This is the season many investors review their year-to-date gains and losses and scan their portfolios for any other year-end tax maneuvers. Historically, investors have sought to offset gains with losses—at least to the extent that such transactions make sense within the broader context of their investment strategy.
The general rule of thumb is to defer income and gains into the next tax year. In other words, why sell an asset for a taxable gain in December and pay the tax four months later when you could sell it in January and wait 15 months before paying the tax?
This year, however, the process takes a different twist. With the relative certainty that taxes are going to increase in some shape or form, many advisers are suggesting investors consider opportunities to accelerate income or realize gains in 2012.
Still, no one knows what the final tax rates are going to be or which tax deductions might be reduced or eliminated.
If the Bush tax cuts are allowed to expire, the highest marginal tax rate will increase from 35 percent to 39.5 percent; the maximum capital-gains rate increases from 15 percent to 20 percent. Dividend income will lose its current tax-favored “qualified rate” of 15 percent maximum and revert to being treated as ordinary income taxed at the investor’s marginal rate.
For investors who really get worked up about paying taxes on their investments, there are a couple of things worth remembering. First, taxes on investment gains are not the end of the world (after all, it means you’re making money). And frankly, investment decisions based solely on tax consequences usually are unwise.
In addition, one of the best tax shelters is available to any investor with discipline and the right mind-set: Buy and hold shares of good businesses for the long term. With no sale, the investor’s funds are allowed to grow and compound with the business, postponing the tax man.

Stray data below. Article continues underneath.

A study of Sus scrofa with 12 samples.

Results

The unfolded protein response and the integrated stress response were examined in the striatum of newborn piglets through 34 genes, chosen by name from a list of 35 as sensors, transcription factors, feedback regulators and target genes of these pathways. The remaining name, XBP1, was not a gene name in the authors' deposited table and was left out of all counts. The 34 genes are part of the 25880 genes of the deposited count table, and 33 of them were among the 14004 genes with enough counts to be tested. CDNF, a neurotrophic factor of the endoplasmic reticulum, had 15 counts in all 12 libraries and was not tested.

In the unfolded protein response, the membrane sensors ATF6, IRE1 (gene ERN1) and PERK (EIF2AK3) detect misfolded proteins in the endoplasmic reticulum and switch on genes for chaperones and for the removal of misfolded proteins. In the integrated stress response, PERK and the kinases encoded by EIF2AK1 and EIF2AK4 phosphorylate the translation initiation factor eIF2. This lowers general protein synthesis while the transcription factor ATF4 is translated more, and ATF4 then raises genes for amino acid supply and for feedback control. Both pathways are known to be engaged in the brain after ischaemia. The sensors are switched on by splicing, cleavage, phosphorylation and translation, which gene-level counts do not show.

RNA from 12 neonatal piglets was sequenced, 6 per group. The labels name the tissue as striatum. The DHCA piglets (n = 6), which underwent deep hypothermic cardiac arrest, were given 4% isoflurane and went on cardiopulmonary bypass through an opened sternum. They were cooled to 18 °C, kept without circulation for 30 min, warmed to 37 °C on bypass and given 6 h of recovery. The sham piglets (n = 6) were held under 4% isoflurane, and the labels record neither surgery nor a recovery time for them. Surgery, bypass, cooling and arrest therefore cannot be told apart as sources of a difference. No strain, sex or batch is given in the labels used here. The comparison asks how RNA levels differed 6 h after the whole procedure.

In effect, a long-term investor can view the unrealized gain on his or her securities as a deferred tax liability analogous to an interest-free loan from the U.S. Treasury. The investor receives dividends and capital appreciation on the full amount of the investment, including the imbedded taxable gain.
The powerful effect of this internal compounding should not be discounted. When you pick up the paper and read about a large charitable gift made by a middle-class donor, it often is someone who held stock in a great business for a long time.
For a description of the power of compounding and deferring taxes, read the “taxes” section of Warren Buffett’s 1993 letter to Berkshire Hathaway shareholders (find it online at www.berkshirehathaway.com). In the letter, Buffett recalls a tale from the comic strip “Lil Abner” to demonstrate this point.
This strategy is in sharp contrast to tactics of the quick-buck crowd, who claim buy-and-hold is dead and believe they can dance in and out of investments and make a lot of money. If they manage to be successful—and that is a big if—they also are the ones paying taxes at the highest rates.•
Skarbeck is managing partner of Indianapolis-based Aldebaran Capital LLC, a money management firm. His column appears every other week. Views expressed are his own. He can be reached at 818-7827 or email@example.com.